Males produce hundreds of thousands to hundreds of millions of sperms in one single ejaculation, depending on the species. Does it matter which one that actually fertilizes the egg? A recent paper published in in PNAS reveals that selection of long-lived sperms from the male ejaculation results in offspring with greater prospects of surviving early in life and superior characteristics as adults.
The study, led by Simone Immler (Uppsala University/SciLifeLab) and in collaboration with East Anglia University, UK, may be of great importance for adaptive evolution and research on assisted reproductive technology, such as IVF.
Until now, it has been assumed that all fertile sperms in one ejaculation from an animal are equally capable of engendering viable offspring. Limited efforts have been made to investigate the importance of selection, where environmental factors determine which types of organisms that get on better than others, of a sperm and the offspring it generates.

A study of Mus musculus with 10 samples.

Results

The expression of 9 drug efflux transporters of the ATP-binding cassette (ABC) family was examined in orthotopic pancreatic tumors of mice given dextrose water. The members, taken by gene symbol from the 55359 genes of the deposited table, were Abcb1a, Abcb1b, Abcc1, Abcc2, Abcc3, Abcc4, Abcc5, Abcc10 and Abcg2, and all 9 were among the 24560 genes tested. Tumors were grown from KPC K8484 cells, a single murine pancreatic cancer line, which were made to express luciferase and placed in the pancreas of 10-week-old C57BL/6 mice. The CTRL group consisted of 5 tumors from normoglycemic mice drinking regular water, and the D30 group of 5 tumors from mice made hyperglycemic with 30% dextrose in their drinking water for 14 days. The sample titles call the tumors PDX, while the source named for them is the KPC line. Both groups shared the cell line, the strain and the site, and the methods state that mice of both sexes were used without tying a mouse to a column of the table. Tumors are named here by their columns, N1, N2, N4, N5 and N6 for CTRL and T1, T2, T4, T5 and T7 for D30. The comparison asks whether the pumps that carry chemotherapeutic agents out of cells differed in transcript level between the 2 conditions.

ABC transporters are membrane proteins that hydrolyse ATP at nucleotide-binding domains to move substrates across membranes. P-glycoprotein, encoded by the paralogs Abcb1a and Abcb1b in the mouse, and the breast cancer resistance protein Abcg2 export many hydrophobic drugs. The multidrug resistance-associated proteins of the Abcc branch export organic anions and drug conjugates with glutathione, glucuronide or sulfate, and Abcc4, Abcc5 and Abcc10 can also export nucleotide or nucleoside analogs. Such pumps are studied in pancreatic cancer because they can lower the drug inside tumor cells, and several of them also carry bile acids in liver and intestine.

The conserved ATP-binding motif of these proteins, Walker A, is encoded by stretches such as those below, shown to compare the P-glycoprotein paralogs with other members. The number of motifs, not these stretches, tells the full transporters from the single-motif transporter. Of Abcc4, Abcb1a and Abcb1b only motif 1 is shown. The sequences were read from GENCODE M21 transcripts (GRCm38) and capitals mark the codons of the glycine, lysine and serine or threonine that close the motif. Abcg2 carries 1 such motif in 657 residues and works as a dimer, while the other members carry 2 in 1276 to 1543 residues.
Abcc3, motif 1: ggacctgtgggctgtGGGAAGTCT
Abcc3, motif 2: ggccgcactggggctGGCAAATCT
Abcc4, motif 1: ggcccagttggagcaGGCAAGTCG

The present study uses externally conceived zebrafish, Danio rerio, to show that selection also between intact fertile sperms in the same ejaculation affects the fitness of the offspring and that these differences will also be carried on to the next generation. Consequently, it is possible to get rid of sperm of lower quality in an ejaculation by making the selection based on sperm features.
The results demonstrate that the genes of each sperm influence its characteristics, a notion that has previously been rejected.